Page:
The defeat of the PCs seemed unthinkable a few months ago. The notion they could lose to the NDP would have been laughable. But this is how politics in Alberta works. Every 30 or 40 years, a Chinook blows over the mountain and sweeps in a new government who has never before held power. So after a wild couple of years, we can probably all ignore Alberta politics until the middle of the Century (when Stephen Harper’s granddaughter runs for Premier).
Even though the polls foretold an NDP win, Albertans have rightly grown cynical of the polls, so there were still plenty of surprised faces on all sides of the spectrum tonight. Outside Alberta, it won’t just be surprise tomorrow, but consternation over how Alberta could turn orange. With the NDP floundering in Manitoba, it seems likely Alberta will be Canada’s lone socialist province this time next year. The province will stand out like an old man in an orange speedo at a formal ball.
Alberta is used to standing out, but for different reasons. For years, the province cultivated and cherished its reputation as the bad boy of confederation. There were the “Let the eastern bastards freeze in the dark!” bumper stickers. Ann Coulter called the province “the good Canadians”. It likely didn’t help that Ralph Klein was the face of Alberta for a decade.
The thing is, that bad boy reputation was always more bluster than reality. Everyone noticed when Calgarians elected a Harvard-educated Muslim as Mayor in 2010 – all the more, because those latte sipping pinkos in Toronto elected Rob Ford a week earlier. Three years later, Edmontonians elected 34-year Don Iveson – Canada’s first openly nerd mayor.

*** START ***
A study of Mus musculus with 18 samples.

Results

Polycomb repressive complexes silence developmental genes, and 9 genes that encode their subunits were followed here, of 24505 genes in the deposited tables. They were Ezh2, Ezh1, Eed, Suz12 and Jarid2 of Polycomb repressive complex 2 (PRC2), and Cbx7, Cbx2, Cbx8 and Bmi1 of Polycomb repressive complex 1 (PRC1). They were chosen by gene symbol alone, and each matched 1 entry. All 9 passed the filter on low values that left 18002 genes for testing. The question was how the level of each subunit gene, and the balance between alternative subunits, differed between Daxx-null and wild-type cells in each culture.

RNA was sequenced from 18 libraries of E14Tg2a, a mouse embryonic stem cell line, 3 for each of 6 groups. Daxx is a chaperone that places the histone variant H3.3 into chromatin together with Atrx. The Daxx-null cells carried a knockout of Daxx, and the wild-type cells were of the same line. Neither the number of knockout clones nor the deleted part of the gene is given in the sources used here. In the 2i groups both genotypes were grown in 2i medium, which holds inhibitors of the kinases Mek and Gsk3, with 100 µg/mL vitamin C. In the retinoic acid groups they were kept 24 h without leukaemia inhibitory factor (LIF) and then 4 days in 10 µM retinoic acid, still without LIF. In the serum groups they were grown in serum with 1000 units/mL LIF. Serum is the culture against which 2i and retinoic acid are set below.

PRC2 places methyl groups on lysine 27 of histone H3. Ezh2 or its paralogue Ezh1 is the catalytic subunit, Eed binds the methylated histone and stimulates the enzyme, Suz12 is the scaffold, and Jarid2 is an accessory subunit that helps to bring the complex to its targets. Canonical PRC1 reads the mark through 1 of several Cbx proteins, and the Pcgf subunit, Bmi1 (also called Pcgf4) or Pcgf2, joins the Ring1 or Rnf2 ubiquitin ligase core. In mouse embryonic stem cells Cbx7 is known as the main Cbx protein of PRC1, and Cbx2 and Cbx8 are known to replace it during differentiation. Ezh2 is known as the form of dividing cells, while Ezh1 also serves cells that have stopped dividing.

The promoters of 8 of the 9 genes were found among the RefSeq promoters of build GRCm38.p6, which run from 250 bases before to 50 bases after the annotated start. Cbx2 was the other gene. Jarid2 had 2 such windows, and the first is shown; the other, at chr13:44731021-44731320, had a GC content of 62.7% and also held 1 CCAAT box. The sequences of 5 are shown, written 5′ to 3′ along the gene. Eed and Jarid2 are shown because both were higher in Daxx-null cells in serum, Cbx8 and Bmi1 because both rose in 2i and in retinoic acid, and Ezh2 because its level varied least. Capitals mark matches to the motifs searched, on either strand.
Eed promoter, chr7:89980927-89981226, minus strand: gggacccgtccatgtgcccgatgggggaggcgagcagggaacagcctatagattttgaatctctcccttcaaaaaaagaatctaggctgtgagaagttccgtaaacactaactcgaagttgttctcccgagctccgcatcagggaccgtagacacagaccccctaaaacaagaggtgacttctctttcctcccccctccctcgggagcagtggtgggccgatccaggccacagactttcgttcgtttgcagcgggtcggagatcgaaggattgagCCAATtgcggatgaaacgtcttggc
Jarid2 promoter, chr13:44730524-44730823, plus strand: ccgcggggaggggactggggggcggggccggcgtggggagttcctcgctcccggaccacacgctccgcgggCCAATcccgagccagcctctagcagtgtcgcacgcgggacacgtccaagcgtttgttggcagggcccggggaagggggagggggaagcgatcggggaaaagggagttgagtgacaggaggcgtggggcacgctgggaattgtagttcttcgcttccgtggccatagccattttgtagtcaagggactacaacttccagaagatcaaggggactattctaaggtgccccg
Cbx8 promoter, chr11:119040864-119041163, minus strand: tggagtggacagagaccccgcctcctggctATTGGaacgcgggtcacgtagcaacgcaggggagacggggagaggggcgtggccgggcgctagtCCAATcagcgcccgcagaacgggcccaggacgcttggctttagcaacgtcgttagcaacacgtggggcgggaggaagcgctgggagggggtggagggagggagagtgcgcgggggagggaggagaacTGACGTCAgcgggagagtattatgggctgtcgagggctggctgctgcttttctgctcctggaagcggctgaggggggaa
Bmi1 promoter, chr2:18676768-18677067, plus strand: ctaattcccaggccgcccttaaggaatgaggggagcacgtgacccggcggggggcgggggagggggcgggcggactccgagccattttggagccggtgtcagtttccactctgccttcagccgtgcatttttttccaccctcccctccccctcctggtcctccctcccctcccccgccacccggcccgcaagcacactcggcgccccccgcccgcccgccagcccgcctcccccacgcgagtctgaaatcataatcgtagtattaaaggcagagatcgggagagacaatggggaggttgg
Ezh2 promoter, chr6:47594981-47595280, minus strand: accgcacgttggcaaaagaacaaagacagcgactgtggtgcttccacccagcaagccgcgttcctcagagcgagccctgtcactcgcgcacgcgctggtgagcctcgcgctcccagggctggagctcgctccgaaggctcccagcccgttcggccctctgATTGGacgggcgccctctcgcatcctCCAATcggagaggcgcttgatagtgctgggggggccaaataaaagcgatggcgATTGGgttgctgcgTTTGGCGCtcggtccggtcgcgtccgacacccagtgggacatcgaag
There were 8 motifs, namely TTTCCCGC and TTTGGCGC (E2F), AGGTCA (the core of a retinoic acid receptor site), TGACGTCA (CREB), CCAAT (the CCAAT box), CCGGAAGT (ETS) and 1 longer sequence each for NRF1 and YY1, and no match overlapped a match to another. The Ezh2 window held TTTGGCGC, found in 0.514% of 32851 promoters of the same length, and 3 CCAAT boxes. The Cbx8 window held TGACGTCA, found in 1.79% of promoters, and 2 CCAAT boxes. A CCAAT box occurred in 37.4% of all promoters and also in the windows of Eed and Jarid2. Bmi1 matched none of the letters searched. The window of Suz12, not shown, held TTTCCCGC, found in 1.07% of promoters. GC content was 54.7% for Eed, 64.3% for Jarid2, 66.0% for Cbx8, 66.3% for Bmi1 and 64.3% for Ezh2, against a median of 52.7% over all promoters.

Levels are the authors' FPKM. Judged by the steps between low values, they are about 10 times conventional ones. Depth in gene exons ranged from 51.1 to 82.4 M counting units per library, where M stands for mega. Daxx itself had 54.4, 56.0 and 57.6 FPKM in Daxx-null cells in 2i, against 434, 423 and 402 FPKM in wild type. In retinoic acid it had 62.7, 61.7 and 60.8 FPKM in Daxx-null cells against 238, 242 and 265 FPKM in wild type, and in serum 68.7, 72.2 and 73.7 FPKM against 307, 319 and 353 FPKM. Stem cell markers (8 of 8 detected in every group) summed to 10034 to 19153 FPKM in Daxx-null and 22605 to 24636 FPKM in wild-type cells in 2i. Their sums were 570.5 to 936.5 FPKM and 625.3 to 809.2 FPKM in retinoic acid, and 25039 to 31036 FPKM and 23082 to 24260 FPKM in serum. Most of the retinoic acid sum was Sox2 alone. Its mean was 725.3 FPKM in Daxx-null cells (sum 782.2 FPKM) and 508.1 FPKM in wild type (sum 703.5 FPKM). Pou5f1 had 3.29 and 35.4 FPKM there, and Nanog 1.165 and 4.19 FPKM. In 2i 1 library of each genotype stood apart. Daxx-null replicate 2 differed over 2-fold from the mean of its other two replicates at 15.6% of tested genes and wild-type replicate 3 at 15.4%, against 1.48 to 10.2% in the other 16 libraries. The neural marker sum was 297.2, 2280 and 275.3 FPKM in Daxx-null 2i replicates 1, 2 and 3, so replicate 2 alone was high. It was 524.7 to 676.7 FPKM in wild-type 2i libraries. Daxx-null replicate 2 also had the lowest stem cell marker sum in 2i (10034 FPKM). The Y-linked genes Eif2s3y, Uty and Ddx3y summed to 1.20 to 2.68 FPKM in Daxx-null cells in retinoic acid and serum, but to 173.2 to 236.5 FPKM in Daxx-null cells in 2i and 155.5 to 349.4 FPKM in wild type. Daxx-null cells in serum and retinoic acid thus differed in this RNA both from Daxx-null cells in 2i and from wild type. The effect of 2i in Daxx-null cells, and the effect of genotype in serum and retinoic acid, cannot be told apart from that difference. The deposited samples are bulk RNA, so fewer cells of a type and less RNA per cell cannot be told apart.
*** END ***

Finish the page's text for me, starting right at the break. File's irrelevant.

But Edmonton has always been dubbed “Redmonton” for its political leanings, and Nenshi is only the latest in a string of Liberal mayors from Calgary. If you look at the results from the last few provincial elections, you’ll quickly realize Alberta hasn’t been a Conservative monolith since before Calgary hosted the Olympics.
Yes, progressives flocked to the PCs last election, but only because Alison Redford looked and sounded like a progressive. In every other election from the past 30 years, over a third of Albertans have voted for parties on the left.
But that’s always been a more complicated story to tell than the caricature of crazy conservative Alberta which, admittedly, some of our politicians (*cough*Rob Anders*cough*) did not help to dispel.
Similarly, many will simplify the story of tonight to Albertans swinging wildly to the left. While it’s true the province has changed, those changes have been gradual. What really happened in 2015 was Rachel Notley looking like a safe option for change, at a time when voters wanted change. The fact that Notley made Thomas Mulcair feel as welcome in Alberta as a rat (or worse, a Canucks fan) in the dying days of this campaign tells you all you need to know about the strength of the NDP brand. So don’t expect “howdy” to be replaced with “welcome comrade” the next time you land in Calgary.
No, Alberta hasn’t changed. But the perception of Alberta will. Rachel Notley, Naheed Nenshi, and Don Iveson are now the face of the province. The myth of Alberta as a conservative wasteland is dead.